Feature Story | 12-Jul-2023

Juvenile Arthritis Awareness Month — 10-Year-Old Johns Hopkins Children’s Center patient’s journey living with juvenile arthritis

Bryce Lampe first tested positive for the virus that causes COVID-19, which began a monthslong journey for answers that ultimately led to a surprising diagnosis

Johns Hopkins Medicine

In December 2021, 9-year-old Bryce Lampe of Edgewater, Maryland, began experiencing serious symptoms — a fever, vomiting, diarrhea, and body aches so intense he could barely move, causing him to sleep like a corpse, recalls his mother, Alexandra. As the days went by, his symptoms showed no signs of improvement, leading to a trip to the emergency room. That night, Bryce tested positive for the virus that causes COVID-19, which began a monthslong journey for answers that ultimately led to a surprising diagnosis: systemic juvenile idiopathic arthritis (sJIA). 

Bryce was first diagnosed with multisystem inflammatory syndrome (MIS-C) — a rare and life-threatening condition, caused by a prior infection with the COVID-19 virus, that causes fever and inflammation of major organs. Despite treatment, his condition and the pain worsened, which at times left him unable to walk. During an appointment in March 2022 with Johns Hopkins Children’s Center rheumatologist Julia Shalen, Bryce pointed out the pain specifically in his joints. Shalen diagnosed him with systemic juvenile idiopathic arthritis (sJIA), a form of arthritis in children that causes fever, rash, and joint swelling and stiffness.

“The doctor said he had arthritis, and I thought, what 9-year-old has arthritis?” Bryce’s mother remembers. But Bryce is not alone.

A type of juvenile idiopathic arthritis (JIA), sJIA is a chronic illness that causes body wide inflammation, and it can be very dangerous if untreated. It is an autoimmune disease, which means the body’s immune system attacks its own healthy cells and tissues. JIA affects nearly 300,000 young children and teens in the United States. The exact cause is unknown, but researchers believe it is a combination of genetic predisposition and environmental triggers such as viral or bacterial infections.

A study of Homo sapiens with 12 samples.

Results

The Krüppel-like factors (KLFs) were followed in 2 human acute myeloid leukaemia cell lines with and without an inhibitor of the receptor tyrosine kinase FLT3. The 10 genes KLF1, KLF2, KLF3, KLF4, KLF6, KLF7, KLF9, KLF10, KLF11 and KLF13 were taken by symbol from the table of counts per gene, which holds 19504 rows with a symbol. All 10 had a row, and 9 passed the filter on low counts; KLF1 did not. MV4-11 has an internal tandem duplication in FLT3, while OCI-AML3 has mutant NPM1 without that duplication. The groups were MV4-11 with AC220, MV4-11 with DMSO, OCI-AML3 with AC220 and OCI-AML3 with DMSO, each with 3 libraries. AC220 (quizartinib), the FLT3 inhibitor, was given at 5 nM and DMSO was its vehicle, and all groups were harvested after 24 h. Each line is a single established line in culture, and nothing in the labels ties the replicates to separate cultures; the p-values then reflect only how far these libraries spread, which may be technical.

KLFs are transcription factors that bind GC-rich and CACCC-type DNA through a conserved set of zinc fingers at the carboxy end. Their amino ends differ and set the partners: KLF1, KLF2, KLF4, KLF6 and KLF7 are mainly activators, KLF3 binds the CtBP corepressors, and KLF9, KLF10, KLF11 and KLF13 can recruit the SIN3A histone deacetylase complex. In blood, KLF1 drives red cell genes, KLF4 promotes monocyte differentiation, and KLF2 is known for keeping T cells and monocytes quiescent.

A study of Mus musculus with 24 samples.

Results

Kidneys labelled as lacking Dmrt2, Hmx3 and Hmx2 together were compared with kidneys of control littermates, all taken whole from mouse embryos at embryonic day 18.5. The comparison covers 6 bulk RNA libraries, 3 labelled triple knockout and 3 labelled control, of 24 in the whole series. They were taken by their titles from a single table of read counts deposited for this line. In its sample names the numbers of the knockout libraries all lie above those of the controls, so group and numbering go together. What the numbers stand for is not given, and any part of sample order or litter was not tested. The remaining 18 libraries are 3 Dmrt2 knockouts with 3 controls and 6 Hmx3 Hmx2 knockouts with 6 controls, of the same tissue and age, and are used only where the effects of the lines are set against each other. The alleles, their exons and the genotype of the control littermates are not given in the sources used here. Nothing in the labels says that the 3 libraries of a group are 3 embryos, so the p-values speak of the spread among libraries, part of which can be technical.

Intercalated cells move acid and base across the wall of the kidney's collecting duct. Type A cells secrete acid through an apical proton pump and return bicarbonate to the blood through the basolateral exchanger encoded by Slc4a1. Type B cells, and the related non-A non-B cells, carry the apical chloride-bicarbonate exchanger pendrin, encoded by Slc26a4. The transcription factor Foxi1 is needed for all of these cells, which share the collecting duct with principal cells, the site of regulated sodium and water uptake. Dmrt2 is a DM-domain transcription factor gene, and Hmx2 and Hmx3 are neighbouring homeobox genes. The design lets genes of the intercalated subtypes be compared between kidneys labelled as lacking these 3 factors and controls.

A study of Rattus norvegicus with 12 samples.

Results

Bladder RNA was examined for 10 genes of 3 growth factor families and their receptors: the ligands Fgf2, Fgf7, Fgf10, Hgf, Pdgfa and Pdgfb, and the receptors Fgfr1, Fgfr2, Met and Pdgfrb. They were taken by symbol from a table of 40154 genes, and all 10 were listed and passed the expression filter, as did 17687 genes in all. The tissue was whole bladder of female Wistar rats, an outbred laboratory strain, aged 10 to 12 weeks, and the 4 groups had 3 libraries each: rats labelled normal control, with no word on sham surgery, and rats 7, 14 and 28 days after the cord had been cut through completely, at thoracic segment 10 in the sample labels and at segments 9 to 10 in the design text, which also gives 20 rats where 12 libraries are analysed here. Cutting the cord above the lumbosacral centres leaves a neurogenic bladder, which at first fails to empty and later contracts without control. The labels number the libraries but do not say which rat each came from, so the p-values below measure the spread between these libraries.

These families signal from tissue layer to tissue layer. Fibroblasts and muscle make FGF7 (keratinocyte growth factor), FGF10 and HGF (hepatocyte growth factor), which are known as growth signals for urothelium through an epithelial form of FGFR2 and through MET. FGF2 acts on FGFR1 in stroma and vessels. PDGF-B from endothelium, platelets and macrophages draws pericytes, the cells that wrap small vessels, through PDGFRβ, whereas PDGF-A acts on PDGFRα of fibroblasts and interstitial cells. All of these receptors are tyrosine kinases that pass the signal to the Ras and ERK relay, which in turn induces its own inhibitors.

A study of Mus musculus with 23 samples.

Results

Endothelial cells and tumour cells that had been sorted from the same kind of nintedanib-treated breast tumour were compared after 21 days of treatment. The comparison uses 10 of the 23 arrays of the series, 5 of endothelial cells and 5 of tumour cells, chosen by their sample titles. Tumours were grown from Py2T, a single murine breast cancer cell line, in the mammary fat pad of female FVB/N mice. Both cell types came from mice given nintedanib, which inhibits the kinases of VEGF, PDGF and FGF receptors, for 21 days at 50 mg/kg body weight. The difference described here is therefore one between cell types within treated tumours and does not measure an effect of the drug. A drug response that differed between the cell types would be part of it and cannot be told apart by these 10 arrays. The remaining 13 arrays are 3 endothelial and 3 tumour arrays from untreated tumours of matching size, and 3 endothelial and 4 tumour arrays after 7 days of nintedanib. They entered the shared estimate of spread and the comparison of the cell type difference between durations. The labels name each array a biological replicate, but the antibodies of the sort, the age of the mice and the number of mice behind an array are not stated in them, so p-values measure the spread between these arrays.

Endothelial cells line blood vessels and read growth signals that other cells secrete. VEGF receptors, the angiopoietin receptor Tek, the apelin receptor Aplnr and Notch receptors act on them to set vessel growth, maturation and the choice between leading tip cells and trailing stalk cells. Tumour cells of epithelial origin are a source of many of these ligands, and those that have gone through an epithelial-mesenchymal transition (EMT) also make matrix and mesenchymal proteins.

“Systemic juvenile idiopathic arthritis can be a tough disease to recognize,” says Shalen. “Children are often first diagnosed with a viral or bacterial infection, or other inflammatory diseases like MIS-C or Kawasaki disease, since they have similar initial symptoms. Then, when the condition doesn’t follow an expected course for those diseases, we learn it is actually sJIA.” 

As soon as Bryce was diagnosed with sJIA and he started taking medication — a monthly shot administered at home — his condition turned around quickly, and his pain and the inflammation were gone. Now, he is an active 10-year-old boy who plays travel baseball and basketball.

“We are thankful for Johns Hopkins Children’s Center for helping us find answers and effective treatment in assisting Bryce to overcome this disease,” Alexandra Lampe says. 

Bryce, his mother and Shalen are available for interviews.

July is Juvenile Arthritis Awareness Month, a time to raise awareness about this condition affecting children.